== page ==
The Rockstars of Urban Planning On Walking In LA
The Hammer Museum at UCLA hosts weekly talks on hot topics. Being a huge fan of turning Los Angeles into a car-free city, I was eager to hear Seleta Reynolds, our new General Manager at the Department of Transportation. Mayor Garcetti stole her from San Francisco after she helped turn that city into a cyclists’ paradise while also shortening car commute times. Seleta and Janette are those smart chicks with an awesome sense of humor and wit you look forward to sitting with at parties. I could listen to them talk about transportation planning all day.
These rockstars of urban planning spoke openly and with great passion and humor about how to change the way a city gets around. This is crucial to Los Angeles, as weather refugees continue to pour into the Golden State, flooding our streets with cars. As more people choose to live in cities, primarily for their walkability and short commutes, more people are choosing to go car-free. Downtown Los Angeles has had an astounding turnaround in the past decade, going from a terrifying slum people couldn’t leave fast enough to an exciting and vibrant city core most of us can’t afford to live in. A huge draw for people is the ability to walk or bike to work, dinner, errands, etc.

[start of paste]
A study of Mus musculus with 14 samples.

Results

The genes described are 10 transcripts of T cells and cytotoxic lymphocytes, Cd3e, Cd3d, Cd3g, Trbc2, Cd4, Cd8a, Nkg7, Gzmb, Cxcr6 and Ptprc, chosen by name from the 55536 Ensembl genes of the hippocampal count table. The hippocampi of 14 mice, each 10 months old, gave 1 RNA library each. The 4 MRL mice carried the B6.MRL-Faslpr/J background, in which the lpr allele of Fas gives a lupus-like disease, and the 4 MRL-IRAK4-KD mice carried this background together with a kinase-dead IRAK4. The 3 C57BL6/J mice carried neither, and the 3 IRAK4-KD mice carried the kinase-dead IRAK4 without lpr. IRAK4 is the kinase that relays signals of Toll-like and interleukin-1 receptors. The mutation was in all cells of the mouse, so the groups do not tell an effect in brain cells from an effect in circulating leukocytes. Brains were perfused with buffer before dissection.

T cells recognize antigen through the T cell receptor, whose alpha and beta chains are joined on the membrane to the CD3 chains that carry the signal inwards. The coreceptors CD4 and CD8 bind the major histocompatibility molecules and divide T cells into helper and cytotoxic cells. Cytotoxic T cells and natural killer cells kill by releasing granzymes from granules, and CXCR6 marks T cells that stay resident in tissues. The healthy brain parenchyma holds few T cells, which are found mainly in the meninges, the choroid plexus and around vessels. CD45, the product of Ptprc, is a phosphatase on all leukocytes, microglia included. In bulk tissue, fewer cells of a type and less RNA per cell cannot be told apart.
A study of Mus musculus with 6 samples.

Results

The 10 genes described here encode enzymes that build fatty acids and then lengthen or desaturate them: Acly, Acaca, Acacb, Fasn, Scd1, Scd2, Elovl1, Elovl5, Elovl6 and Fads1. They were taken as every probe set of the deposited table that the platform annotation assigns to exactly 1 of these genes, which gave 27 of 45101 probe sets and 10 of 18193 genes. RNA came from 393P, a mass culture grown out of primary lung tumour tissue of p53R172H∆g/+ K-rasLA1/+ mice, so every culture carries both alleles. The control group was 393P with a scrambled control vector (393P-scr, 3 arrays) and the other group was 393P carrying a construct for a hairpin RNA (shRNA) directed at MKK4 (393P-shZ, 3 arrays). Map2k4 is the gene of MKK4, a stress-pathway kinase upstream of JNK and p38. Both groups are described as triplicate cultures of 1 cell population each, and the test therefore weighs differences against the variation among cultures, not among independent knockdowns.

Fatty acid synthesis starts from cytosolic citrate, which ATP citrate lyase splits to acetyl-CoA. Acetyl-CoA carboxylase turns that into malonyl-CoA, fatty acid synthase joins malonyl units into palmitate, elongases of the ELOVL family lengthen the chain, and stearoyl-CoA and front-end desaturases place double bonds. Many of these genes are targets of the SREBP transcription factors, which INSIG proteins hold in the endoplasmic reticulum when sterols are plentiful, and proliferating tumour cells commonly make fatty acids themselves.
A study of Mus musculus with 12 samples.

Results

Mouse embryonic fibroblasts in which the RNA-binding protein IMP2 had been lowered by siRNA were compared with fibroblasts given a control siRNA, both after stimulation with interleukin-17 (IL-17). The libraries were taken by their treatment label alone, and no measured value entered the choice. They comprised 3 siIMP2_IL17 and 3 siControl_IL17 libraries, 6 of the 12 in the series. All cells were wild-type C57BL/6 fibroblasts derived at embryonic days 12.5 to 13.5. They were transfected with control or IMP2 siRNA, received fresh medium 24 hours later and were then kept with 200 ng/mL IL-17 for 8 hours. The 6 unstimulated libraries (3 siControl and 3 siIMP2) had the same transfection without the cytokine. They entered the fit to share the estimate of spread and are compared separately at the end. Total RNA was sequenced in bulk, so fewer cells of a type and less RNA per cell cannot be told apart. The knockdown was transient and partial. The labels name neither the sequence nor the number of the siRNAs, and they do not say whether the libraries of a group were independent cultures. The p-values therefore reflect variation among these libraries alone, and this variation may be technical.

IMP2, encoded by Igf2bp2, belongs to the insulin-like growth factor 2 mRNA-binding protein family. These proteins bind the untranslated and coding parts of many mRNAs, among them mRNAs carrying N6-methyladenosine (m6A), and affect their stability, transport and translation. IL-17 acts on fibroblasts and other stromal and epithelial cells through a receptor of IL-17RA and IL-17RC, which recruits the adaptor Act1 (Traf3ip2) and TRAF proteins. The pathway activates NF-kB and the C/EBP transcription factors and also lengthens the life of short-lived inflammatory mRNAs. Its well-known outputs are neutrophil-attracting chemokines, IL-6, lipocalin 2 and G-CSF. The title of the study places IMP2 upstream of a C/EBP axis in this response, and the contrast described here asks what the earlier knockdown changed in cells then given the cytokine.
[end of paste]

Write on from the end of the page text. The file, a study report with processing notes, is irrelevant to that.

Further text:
Yes, people do walk in LA. And they ride public transit, and bicycles, too, in growing numbers. While the city is rapidly expanding its cycling infrastructure, neighboring cities still have a long way to go. This is a ghost bike on Glendale Blvd in Glendale, the city whose drivers are the most dangerous in the entire state. Los Angeles County is in the midst of a massive transformation, a transformation that could make it eclipse both Minneapolis and Portland as America’s #1 cycling city. It’s not like we have to ride in snow or rain. Ever. Having two cyclists as Mayors back to back certainly helps.